Hello, fellow true crime lovers! This is the second installment of my CSI: IRL article series. Rather than boring you all to pieces with a dry academic text, here are a bunch of videos and shows that do a great job of explaining why eyewitness testimony isn't all its made out to be.
As always, these topics are heavy and can contain disturbing material. Please be aware before proceeeding.
The start of it all. Dr. Loftus' research has looked into how flimsy a construct our memroy for details is, and how malleable it really is to outside manipulations. This is a chilling field of study, but hopefully you'll come out of this talk with a better understanding of how your brain works.
This docuseries was shot with the help of The Innocence Project, a nonprofit that works to overturn wrongful convictions by using DNA evidence. Each episode explores a different case where a wrongful conviction (usually prosecuted using eyewitness testimony) was eventually overturned.
Another Netflix series, this one explores how a combination of fakeout interrogation techniques and coercion can lead suspects to give false confessions.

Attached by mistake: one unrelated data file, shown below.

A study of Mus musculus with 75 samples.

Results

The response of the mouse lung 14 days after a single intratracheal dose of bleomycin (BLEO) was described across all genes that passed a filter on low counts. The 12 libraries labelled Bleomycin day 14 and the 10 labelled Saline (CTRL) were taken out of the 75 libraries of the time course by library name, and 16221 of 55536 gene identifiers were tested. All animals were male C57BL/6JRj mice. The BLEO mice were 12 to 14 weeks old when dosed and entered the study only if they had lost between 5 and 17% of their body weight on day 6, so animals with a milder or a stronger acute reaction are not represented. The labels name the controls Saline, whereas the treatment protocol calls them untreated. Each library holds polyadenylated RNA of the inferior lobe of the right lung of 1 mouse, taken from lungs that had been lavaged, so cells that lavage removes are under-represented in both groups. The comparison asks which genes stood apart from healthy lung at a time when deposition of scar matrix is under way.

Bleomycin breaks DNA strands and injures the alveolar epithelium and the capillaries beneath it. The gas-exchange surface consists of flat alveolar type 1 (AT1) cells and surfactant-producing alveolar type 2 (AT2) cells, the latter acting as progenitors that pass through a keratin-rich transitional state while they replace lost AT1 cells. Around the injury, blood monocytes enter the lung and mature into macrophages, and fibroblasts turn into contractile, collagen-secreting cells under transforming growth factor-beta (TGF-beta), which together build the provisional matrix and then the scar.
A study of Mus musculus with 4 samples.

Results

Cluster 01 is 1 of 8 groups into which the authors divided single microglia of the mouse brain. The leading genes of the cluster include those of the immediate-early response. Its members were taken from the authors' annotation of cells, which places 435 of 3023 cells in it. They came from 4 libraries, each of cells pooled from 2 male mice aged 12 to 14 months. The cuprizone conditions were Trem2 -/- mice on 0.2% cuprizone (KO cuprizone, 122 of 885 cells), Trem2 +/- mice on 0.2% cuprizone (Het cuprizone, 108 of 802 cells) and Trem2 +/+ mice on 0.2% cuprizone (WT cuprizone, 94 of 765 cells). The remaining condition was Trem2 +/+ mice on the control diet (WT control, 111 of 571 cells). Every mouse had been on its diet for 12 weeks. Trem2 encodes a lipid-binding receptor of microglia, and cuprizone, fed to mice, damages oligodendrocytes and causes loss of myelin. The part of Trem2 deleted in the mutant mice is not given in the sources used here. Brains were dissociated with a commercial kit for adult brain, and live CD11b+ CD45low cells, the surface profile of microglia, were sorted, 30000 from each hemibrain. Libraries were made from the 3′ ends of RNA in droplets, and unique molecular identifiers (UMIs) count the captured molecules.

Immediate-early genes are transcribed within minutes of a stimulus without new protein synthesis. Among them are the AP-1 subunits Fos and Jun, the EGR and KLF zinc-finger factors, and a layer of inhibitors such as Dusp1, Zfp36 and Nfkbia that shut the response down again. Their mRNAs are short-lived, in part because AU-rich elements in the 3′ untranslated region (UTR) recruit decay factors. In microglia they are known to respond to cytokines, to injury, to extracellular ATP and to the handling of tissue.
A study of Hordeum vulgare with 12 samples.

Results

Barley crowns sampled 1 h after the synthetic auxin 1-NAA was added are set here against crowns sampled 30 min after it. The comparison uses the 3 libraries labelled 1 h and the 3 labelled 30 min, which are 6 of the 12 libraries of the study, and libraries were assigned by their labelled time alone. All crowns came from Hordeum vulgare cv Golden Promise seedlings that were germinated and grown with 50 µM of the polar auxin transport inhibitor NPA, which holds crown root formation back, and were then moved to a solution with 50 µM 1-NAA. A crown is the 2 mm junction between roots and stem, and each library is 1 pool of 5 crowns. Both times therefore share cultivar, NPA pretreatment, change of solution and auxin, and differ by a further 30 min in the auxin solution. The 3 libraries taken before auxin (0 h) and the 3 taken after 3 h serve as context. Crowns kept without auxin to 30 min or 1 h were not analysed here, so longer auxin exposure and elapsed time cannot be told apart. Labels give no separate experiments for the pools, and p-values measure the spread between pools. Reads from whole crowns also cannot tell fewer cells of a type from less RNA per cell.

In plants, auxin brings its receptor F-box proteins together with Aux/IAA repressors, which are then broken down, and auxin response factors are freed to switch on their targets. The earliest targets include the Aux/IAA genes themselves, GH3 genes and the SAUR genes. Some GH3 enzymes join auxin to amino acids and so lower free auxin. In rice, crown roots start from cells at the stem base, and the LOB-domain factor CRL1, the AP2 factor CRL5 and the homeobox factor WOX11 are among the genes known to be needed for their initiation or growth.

Less true crime, more true science. We are all harried college students, many of us running on caffeine and adrenaline (despite all the self-care and mindfulness memes floating around, how many of us really adhere to those ideas?). But sleep deprivation can cause issues with memory consolidation and recall, making our sleepless nights less conducive to academic achievement and general recall than we might like.
Now, memory is a funny thing. How many of us can remember what we had for breakfast a week ago, let alone all the teensy specifics of things that happened decades ago?
The idea that memory is faulty has been used to discredit dozens of people who have come forward with allegations of sexual violence. But it is the idea that memory works like a camera that is wrong. The human brain is not a full-HD, 1080-pixel video recorder. If course, small gaps and inconsistencies do not detract from the bigger event that is burned into your synapses. We might remember what kind of cake we had at our last birthday and what we were wearing, but do you remember every song in background, or what every single one of your friends was wearing? You might remember how you felt, what you did and where you went, but can you remember every single person you spoke to that day?
What I am trying to get across is the idea that when witnesses admit to not remembering all the details, that can be a sign of honesty. Because let's be real, we don't always remember every detail of everything we have ever done.